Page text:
For the love of chocolate

Ah, springtime.  Flowers are coming out, the sun shines later, the weather…tries to change.  And then it goes from 70 and sunny down to 40 and blustery in an instant…back to the type of weather where it’s much more comfortable to be inside, under a blanket, with a good book.

You know.  Hot cocoa weather.  Today would be a perfect hot cocoa day.

And this thought made me a little nostalgic for Paris.  I suddenly had a strong craving for a warm, thick chocolat.

Chocolat is easy to find at any cafe or restaurant in Paris…but there’s always the one that sticks out in the traveler’s mind, the one that has that…je ne sais quoi.  For me, that one happened to be recommended by a friend (which can be a slippery slope – what if you hate what your good friend loves?).  In this case, the recommendation was spot on, and I went back any time I had a visitor in town (or was a visitor in town myself).

I made my first return pilgrimage to Paris over the holiday break in 2013.  I hadn’t been back in 15 years – not since the summer of 1998.  One of my coworkers, who had been back more recently, was just as excited as I was about my trip – and told me I just had to go to this place on the rue Rivoli, near the Tuileries, that she had discovered after a long day in the Louvre.  She said the chocolat was the best she’d had – high esteem, coming from that one coworker who is the nearly-professional-baker of the department.  A bit pricey, she said, but so rich it’d be sharable, and worth every centime.  I was cautiously intrigued.

My father and I couldn’t find this place on our first wandering pass (I had neglected to write down the address before our wanderings – we found a delightful hotel bar instead).  We found it another afternoon.  We had to wait on line – I internally groaned a bit, at this suggestion of something perhaps so touristy, so popular; we wondered whether it would be worth the wait, but both became so stubborn about it that we refused to give up.  To our delight, the line moved reasonably quickly for that time of day (mid-afternoon).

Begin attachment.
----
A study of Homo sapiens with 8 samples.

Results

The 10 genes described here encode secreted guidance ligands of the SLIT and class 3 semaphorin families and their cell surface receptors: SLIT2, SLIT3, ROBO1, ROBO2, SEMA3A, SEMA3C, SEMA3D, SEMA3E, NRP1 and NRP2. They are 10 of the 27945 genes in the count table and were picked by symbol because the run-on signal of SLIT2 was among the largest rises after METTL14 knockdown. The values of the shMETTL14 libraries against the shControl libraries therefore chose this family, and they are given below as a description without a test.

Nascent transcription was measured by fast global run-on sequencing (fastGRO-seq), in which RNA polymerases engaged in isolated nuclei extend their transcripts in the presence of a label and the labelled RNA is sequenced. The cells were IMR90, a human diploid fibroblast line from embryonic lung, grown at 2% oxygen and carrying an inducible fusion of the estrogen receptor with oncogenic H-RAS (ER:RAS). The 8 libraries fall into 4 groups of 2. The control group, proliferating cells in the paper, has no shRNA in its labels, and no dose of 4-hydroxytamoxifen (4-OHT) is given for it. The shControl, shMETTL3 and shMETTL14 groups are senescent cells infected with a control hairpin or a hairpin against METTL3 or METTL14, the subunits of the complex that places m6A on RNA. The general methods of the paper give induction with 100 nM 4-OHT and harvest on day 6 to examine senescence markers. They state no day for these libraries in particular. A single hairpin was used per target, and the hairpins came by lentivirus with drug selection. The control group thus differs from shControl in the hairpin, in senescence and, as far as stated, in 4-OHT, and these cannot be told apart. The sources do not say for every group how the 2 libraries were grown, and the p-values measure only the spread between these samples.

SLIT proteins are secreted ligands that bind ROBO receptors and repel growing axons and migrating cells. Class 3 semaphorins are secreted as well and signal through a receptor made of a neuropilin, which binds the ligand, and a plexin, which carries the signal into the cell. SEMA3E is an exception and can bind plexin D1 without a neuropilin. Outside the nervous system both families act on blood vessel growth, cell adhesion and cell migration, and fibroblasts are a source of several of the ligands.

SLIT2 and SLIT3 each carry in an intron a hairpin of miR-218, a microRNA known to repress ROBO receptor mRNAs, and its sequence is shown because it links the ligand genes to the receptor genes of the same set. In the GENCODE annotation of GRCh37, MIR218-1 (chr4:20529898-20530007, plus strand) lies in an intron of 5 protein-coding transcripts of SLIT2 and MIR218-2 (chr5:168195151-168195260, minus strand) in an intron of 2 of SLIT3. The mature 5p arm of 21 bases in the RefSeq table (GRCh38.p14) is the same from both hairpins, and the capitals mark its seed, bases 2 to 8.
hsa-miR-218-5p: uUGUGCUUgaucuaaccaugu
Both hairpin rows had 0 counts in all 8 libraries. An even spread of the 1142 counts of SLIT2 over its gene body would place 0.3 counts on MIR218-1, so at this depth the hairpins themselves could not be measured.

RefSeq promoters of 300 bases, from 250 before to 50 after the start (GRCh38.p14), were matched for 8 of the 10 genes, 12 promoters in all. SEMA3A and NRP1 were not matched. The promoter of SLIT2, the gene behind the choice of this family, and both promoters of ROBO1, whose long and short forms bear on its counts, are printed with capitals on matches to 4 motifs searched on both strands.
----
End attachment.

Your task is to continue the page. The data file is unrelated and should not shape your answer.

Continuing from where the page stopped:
We were led back into the ornate, old-fashioned tea room – with wall-length mirrors, frescoes, chandeliers, and intricate crown molding – and seated on plush, velvety green chairs at a delightfully tiny Parisian table.  We ordered two chocolats – which came in their own small pitchers, with separate bowls of freshly whipped cream.  The first sip was nothing short of magical – it was a teacup of dense, rich, chocolately heaven – so thick that we almost needed the spoons to drink it.  It was so rich that we didn’t even have room for a rich, Parisian dinner that night.  (Granted – we each also tried one of their desserts – the Mont Blanc, and a chestnut cream-filled eclair – so no wonder.)  And despite the line to get in – in true Parisian fashion, no one hurried us.  We lingered over our sweets as long as we pleased (and – also in true Parisian fashion – the servers paid little attention, even when we wanted to settle our bill).

What is this magical place?  It is Angelina, at 226 rue de Rivoli (across from the Tuileries metro station, on line 1), opened in 1903, at the height of the Belle Epoque – and the decor has evidently not changed.  They also serve (and sell) an array of pastries and desserts and, I discovered on another visit, delicious “real food” – my favorites were the chestnut soup (thick and velvety, also perfect for a surprising winter reemergence) and their eggs Benedict (my post-thesis-defense brunch).

It was the only dessert place to which my father, the foodie, the champion of the multi-course savory meal, repeatedly requested return visits – on that trip, and on multiple trips thereafter, even.  And that’s saying something.  We actually learned something by going back so frequently – to avoid the line, go early.  I’m talking like 9 or 10 a.m. – which might sound ridiculous for a chocolat, but let’s be honest – chocolate is an anytime-of-day food group.  (The crowds seem to appear after long days trekking through the Louvre or the Tuileries or other touring activity.  Get there before them.  Stock up on calories to sustain you during these touristings.)

Angelina inspires a sense of nostalgia just walking through the door and sitting down, and this weather inspires a bit of meta-nostalgia for my favorite chocolat for this – or any, really – kind of weather.

There are plenty of other places to find a delicious cup of chocolat in Paris (try Les Deux Magots, which is of course worth a stop in its own right) … but I left my heart at the marble-topped tables, amidst the gilded crown molding and mirrors.